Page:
Friday, July 24, 2009

Now, discrimination is apparently "balanced"

Wackos calling for banning books is nothing new. However, there's a bit of an interesting twist to this particular instance. I thought I had heard all the ridiculousness that this kind of "I-heave-the-right-to-determine-what-you-read" jackassery could offer, but here's something new:

" She and her husband also asked the library to obtain books about homosexuality that affirmed heterosexuality, such as titles written by "ex-gays," Maziarka said. "All the books in the young-adult zone that deal with homosexuality are gay-affirming. That's not balance," she said. "

So, while the idea of attacking books for young adults as being "too sexual" (because, as we all know, teens never think up having sex on their own--they get it from books) is about as standard a move as there is, now they're trying to represent books about the ex-gay experience as a balance to "gay affirming" literature.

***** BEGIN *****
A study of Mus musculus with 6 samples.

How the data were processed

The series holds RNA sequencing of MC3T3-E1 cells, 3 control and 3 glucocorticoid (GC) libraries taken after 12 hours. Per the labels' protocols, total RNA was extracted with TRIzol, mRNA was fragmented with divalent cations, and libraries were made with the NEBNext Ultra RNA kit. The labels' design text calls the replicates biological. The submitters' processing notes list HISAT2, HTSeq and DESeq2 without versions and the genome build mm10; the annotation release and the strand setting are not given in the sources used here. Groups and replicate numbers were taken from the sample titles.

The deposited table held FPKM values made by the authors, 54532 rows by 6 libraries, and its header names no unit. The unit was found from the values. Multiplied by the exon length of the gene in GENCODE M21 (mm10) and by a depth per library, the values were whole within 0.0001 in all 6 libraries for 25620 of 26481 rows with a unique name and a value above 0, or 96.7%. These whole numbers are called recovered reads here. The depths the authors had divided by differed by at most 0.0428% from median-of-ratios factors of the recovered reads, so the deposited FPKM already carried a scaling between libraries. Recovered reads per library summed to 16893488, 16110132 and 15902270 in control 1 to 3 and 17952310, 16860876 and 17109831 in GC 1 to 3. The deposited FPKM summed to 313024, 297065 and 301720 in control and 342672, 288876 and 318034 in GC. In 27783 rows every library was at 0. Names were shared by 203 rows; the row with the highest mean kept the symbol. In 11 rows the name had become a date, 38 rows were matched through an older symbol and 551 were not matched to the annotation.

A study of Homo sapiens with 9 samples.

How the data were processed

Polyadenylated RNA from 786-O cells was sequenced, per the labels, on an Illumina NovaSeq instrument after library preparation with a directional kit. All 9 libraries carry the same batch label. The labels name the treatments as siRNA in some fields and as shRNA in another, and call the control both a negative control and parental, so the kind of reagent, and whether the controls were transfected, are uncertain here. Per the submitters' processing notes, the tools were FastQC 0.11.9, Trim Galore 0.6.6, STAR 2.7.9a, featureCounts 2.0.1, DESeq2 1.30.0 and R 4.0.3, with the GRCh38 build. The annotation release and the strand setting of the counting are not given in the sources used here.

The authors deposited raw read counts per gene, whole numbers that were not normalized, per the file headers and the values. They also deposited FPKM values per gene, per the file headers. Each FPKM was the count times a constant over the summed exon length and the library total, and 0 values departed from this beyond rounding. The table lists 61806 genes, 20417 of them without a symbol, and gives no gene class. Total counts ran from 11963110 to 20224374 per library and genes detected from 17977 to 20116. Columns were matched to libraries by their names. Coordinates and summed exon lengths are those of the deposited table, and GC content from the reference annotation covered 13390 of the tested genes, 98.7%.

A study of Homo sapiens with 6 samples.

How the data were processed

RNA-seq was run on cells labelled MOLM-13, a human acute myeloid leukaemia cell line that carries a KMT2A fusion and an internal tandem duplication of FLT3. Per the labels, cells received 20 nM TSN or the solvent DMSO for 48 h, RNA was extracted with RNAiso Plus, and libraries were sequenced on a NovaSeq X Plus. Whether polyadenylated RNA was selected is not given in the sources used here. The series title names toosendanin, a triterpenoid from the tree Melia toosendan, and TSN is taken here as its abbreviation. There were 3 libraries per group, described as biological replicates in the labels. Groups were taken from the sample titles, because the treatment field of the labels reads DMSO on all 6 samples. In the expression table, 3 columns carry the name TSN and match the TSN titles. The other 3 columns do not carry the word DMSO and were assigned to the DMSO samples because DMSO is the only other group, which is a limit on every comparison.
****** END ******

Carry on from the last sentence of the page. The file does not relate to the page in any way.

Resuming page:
While I will not comment here on my thoughts about the ex-gay movement (and you can imagine what it means my opinion must be like for me not to unleash it in public), I will say that the opposite of gay-affirming literature is not literature that focuses on the ex-gay experience. I post this here so that you can be aware--this idea of creating "balance" is a new tactic, it seems to me--be on the lookout for it. While it makes zero sense to me to create "balance" in an issue where a group is pushing for civil rights (meaning legitimizing those who wish to deny those civil rights as somehow a valid point of view), you can see that there would be some who might not look under the surface of this type of rhetorical positioning.

And, as a by-the-way, for the way they talk about The Perks of Being a Wallflower, you'd think it was a smut filled romp. I found it to be, on the contrary, probably one of the most sensitive and "realistic" portrayals of what being an adolescent is like in the late 20th century, and some really wonderfully crafted prose. You should pick up a copy. Or, better yet, gather some friends and their kids and start checking out the book on such a regular basis that the library has to create a waiting list for the book, showing how popular it is. Just a thought.